IT IS an environmentally friendly vision of city living more often associated with the picturesque canals of Holland.
Now new proposals to create Scotland’s first floating “eco” village have been unveiled, with estate agents anticipating huge interest.
SRT EcoBuild intends to create the first homes on the waterways of Leith with one and two-bedroom properties in the Commercial Quay area of Edinburgh.
Energy would be generated by solar panels on the roof of each module, and heat by air-source heat pumps. Mooring connections with the shore will be minimal.
London has already seen a substantial rise in demand for houseboats in sought-after areas such as Chelsea and Maida Vale, while there are 60,000 floating homes in the Netherlands.
City planners in Edinburgh are currently determining whether the floating homes would need planning permission.
If so, the firm said it hopes to have the first unit, which would serve as its office and showroom, berthed by the end of this year.
If the homes are required to go through the planning process, SRT hopes to build them by early next year.
SRT EcoBuild managing director Tom King told Scotland on Sunday that the estimated £95,000 asking price – costs are kept low by not having to purchase land – is expected to lead to significant interest.
First-time buyers and downsizers are likely to be among the key purchasers, property experts said.
Properties are around 10 metres long and 5 metres wide, although King said the firm has looked at building 20 metres by 6 metres properties.
Rather than being built on site, the properties are constructed in factories, and SRT said it is already in negotiations with several fabricators.
King said he expects huge interest. He said: “Our vision is to create low-carbon, energy- efficient homes on either land or on water, and in the waterways of Leith we believe we have found one of the most attractive sites for our project.
“Development in Leith and north Edinburgh has stalled over the past few years and we now intend to bring highly desirable city living to this area once again.”
King said the low purchase price at a time when the property market is recovering is expected to be a source of great interest.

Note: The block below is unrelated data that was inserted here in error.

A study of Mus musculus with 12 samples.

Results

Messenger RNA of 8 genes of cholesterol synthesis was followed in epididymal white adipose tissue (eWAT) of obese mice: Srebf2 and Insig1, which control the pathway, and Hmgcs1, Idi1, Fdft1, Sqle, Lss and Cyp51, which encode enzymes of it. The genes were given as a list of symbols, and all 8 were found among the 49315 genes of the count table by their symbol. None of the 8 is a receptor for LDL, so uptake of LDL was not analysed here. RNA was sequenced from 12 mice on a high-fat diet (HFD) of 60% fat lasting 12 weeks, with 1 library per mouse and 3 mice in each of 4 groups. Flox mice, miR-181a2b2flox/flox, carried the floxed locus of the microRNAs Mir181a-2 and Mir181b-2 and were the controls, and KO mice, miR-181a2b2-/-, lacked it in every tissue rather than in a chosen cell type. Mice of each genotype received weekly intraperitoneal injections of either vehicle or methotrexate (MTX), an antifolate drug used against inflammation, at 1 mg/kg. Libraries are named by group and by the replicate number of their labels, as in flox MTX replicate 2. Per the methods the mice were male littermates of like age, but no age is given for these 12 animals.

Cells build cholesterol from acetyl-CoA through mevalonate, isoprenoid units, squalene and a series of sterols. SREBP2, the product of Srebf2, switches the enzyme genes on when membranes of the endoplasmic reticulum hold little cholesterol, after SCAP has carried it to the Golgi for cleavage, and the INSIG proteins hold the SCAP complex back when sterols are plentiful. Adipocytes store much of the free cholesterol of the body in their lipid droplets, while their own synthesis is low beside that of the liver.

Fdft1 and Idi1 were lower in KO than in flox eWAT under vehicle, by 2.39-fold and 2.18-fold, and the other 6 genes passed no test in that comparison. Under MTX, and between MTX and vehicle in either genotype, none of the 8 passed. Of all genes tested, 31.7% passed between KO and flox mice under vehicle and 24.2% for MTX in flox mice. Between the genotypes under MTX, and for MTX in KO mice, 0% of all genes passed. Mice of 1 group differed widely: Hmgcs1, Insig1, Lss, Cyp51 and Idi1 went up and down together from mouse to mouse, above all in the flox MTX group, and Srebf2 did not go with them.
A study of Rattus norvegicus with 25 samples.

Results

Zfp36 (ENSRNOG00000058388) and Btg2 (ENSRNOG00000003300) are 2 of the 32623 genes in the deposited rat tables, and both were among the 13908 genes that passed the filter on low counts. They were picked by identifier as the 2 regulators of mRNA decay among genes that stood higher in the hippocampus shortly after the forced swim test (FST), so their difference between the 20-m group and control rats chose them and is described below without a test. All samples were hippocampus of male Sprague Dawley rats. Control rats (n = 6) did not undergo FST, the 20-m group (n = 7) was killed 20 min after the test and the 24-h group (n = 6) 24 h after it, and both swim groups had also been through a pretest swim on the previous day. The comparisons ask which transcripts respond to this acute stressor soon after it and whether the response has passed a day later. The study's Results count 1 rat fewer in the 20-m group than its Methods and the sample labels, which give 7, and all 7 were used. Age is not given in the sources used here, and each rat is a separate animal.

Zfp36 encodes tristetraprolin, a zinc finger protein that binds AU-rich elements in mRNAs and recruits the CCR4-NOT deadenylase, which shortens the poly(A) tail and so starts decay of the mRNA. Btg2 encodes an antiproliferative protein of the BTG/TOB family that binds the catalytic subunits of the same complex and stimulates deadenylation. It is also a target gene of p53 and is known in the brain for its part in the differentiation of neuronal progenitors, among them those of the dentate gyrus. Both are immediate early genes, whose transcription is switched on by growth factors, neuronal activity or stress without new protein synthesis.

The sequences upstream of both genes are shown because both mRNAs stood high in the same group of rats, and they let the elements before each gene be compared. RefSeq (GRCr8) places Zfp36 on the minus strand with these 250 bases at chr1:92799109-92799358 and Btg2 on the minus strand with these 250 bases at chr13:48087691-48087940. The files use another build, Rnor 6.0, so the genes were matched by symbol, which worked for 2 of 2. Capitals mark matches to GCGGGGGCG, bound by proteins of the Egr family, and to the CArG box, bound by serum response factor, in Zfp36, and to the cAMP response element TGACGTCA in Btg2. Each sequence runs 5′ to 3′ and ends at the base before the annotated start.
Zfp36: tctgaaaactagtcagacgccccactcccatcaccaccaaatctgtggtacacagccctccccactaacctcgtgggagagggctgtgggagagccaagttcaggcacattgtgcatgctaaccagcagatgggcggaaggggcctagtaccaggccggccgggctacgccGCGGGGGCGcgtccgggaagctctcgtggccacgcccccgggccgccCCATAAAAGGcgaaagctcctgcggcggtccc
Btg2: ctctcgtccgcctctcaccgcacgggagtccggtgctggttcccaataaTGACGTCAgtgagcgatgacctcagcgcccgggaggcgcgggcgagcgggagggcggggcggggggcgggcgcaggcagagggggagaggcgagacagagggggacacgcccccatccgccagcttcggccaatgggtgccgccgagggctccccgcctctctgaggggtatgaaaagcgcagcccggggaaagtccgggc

He said: “If you consider that a two-bedroom property in Edinburgh would typically cost £150,000-£200,000, and what you would get for that, then we believe we are offering a very attractive deal to buyers. I certainly intend to live in the first home and I’m sure others will be keen to as well.”
King said the simple construction process would minimise disruption in what is already a bustling commercial district following regeneration since the late 1990s.
SRT EcoBuild’s plans follow proposals in 2011 for a floating leisure village in Glasgow by developers Floating Concepts in the Prince’s Dock area of Govan, and the redevelopment of the Liverpool Marina, which hosts 350 berths and a revitalised local economy.
The Netherlands has seen the most interest in floating homes. They typically sell for around £120,000 for a two-bedroom unit.
Property companies said they expect the low-energy aspect, along with the sought-after area, will make the properties an attractive prospect for buyers.
Kirsten Stuart, from Strutt & Parker, said: “With electricity and gas prices looking as though they will continue to rise, eco houses are set to become of real relevance to buyers and much less of a niche market.
“A decade ago, solar panels and sustainability were rarely mentioned in sales pitches, whereas we now even have a resources and energy department here at Strutt & Parker.
“The floating houses will, I imagine, be good value as no land purchase is necessary. And it is a great way to expand the housing market in the city where spare ground is in short supply.
“They could be very cool. In London, houseboats are extremely popular, not only because they are a cheaper way to live, but as a lifestyle choice for people such as Richard Branson, Imogen Stubbs and Keira Knightly, who have all resided on one at some point.”